Will this season’s VCU come out of the Colonial again?
by Jon Jaques / @JJaques25
Defending Conference Champion: Old Dominion
Top Player: Bradford Burgess, VCU
Top Freshman: Erik Copes, George Mason
Most Underrated Player: Chris Fouch, Drexel
Tournament Teams: George Mason, Drexel
1. Is this a two-bid league?
We saw last season how hard it is to keep at least two Colonial squads out of the NCAA Tournament now that 68 teams get invites. Even though I think we can all agree VCU had a marginal Tournament resume heading into Selection Sunday by traditional selection standards last season, there were hardly any schools with better credentials to choose ahead of the Rams.
A similar situation could easily play out this March. Whether its Drexel or George Mason or someone else with the league’s auto bid, the selection committee will probably find it hard to keep a second team out of the Big Dance. George Mason and Drexel, especially, have the look of Tournament teams on paper and are playing competitive schedules this non-conference season. It doesn’t hurt that they will be coming out of a mid-major conference that has produced two Final Four teams in the past six seasons. Perception matters on Selection Sunday … the CAA’s reputation is at an all-time high.
2. Does VCU have a shot at one of those bids?
Like when George Mason stomped its way to the Final Four in 2006 and captured our hearts, our natural response to any CAA pre-season chatter is to wonder whether VCU can come close to repeating its insane journey from Dayton’s play-in round to Houston’s Final Four bonanza.
Not a chance. As far-fetched as the Rams’ run was, there was no disputing the squad’s talent. But with the exception of conference player of the year contender Bradford Burgess and coach Shaka Smart (by far the biggest returnee of all for the VCU program), most of that talent and Final Four experience is gone. Burgess can’t win games on his own, so I’d expect some non-conference struggles for VCU. But Smart proved last season that he’s as capable as any coach in the country at flipping the switch at the right time.
Predicted Finish + Bottom Line:
1. George Mason
Drexel has already been picked as the official pre-season number one, but I like what the Patriots have coming back, especially forward Ryan Pearson. People started dogging Paul Hewitt toward the end of his tenure at Georgia Tech, but the man can flat out coach; Final Fours don’t grow on trees.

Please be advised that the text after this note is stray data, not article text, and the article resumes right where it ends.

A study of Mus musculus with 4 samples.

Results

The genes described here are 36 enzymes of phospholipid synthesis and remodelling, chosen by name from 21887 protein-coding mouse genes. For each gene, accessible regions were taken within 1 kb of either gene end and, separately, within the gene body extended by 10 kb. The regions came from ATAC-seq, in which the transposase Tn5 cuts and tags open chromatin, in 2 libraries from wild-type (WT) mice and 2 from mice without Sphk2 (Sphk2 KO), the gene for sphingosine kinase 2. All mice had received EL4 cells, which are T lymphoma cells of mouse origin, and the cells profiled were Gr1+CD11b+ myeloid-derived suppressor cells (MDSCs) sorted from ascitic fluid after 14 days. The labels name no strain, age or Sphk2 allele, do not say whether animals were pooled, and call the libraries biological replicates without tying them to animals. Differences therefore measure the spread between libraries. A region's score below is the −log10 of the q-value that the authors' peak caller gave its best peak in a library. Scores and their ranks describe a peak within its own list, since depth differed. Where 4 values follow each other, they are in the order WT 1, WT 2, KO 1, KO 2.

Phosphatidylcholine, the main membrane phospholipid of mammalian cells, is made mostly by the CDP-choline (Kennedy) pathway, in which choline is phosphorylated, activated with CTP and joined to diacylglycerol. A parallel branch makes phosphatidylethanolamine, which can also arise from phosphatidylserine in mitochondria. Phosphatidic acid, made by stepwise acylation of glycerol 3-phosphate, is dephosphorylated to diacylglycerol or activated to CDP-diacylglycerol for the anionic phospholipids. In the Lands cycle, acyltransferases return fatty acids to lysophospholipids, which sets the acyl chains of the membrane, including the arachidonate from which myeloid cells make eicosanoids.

This team will be dangerous and should challenge for an at-large bid even if they don’t win the conference title. Forward Samme Givens is this team’s horse, once guard Chris Fouch returns from off-season knee surgery, he will help an experienced and hungry bunch of Dragons.
So what if the Rams lost practically everyone from its Final Four roster other than Bradford Burgess and coach Shaka Smart? The program-wide swagger that comes with an unexpected Tournament run like that should lead to a solid season. A massive target is on VCU’s back though.
4. Old Dominion
The Monarchs lose its entire frontcourt from another Tournament squad, and stud defender Kent Bazemore is out for the foreseeable future with a stress fracture in his foot. More importantly, now that Fran Dunphy has shaved his mustache, coach Blaine Taylor sports the best upper lip hair in the business.
5. James Madison
Well-rounded senior guard Devon Moore and forward Julius Wells lead a group that is the most talented Dukes team in years. Sophomore guard Chad Jackson is a breakout candidate.
How will this program respond to the loss of once in a blue moon CAA player Charles Jenkins. With the program’s all-time leading scorer is gone, the Pride will rely on giant strides from others, like forward David Imes.
7. Wiliam and Mary
After a watershed ‘09-10 campaign in which no opponent seemed to figure out coach Tony Shaver’s unconventional offense, last year was a disappointment for the Tribe. Bouncing back behind the three-ball this season is definitely possible this season, especially if all-league guard Quinn McDowell gets some help from his frontcourt.
Talented point guard Devon Saddler will lead the Blue Hens this season. The loss of reliable big man Jawan Carter might prevent Delaware from making significant strides, though.
After a breakout sophomore season, forward Keith Rendelman will need to do more of the same to help the Seahawks inch up the CAA standings. Expect sharpshooting guard Tanner Milson to be the next Wilmington sophomore to break out.
Chaisson Allen’s production will have to be made up somewhere. Junior guard Joel Smith is a good place to start, but on a roster with no seniors, the Huskies will need more underclassmen to emerge.
11. Georgia State
The Panthers’ roster is bloated with seniors. For new coach Ron Hunter, senior leadership doesn’t necessarily equal production though. None of these players has ever averaged more than 10 points per game in a season.
The Tigers are the youngest team in the league, but there is plenty of potential for upward mobility if upperclassmen Isaiah Filmore, RaShawn Polk, and a bus load of freshman can mesh quickly.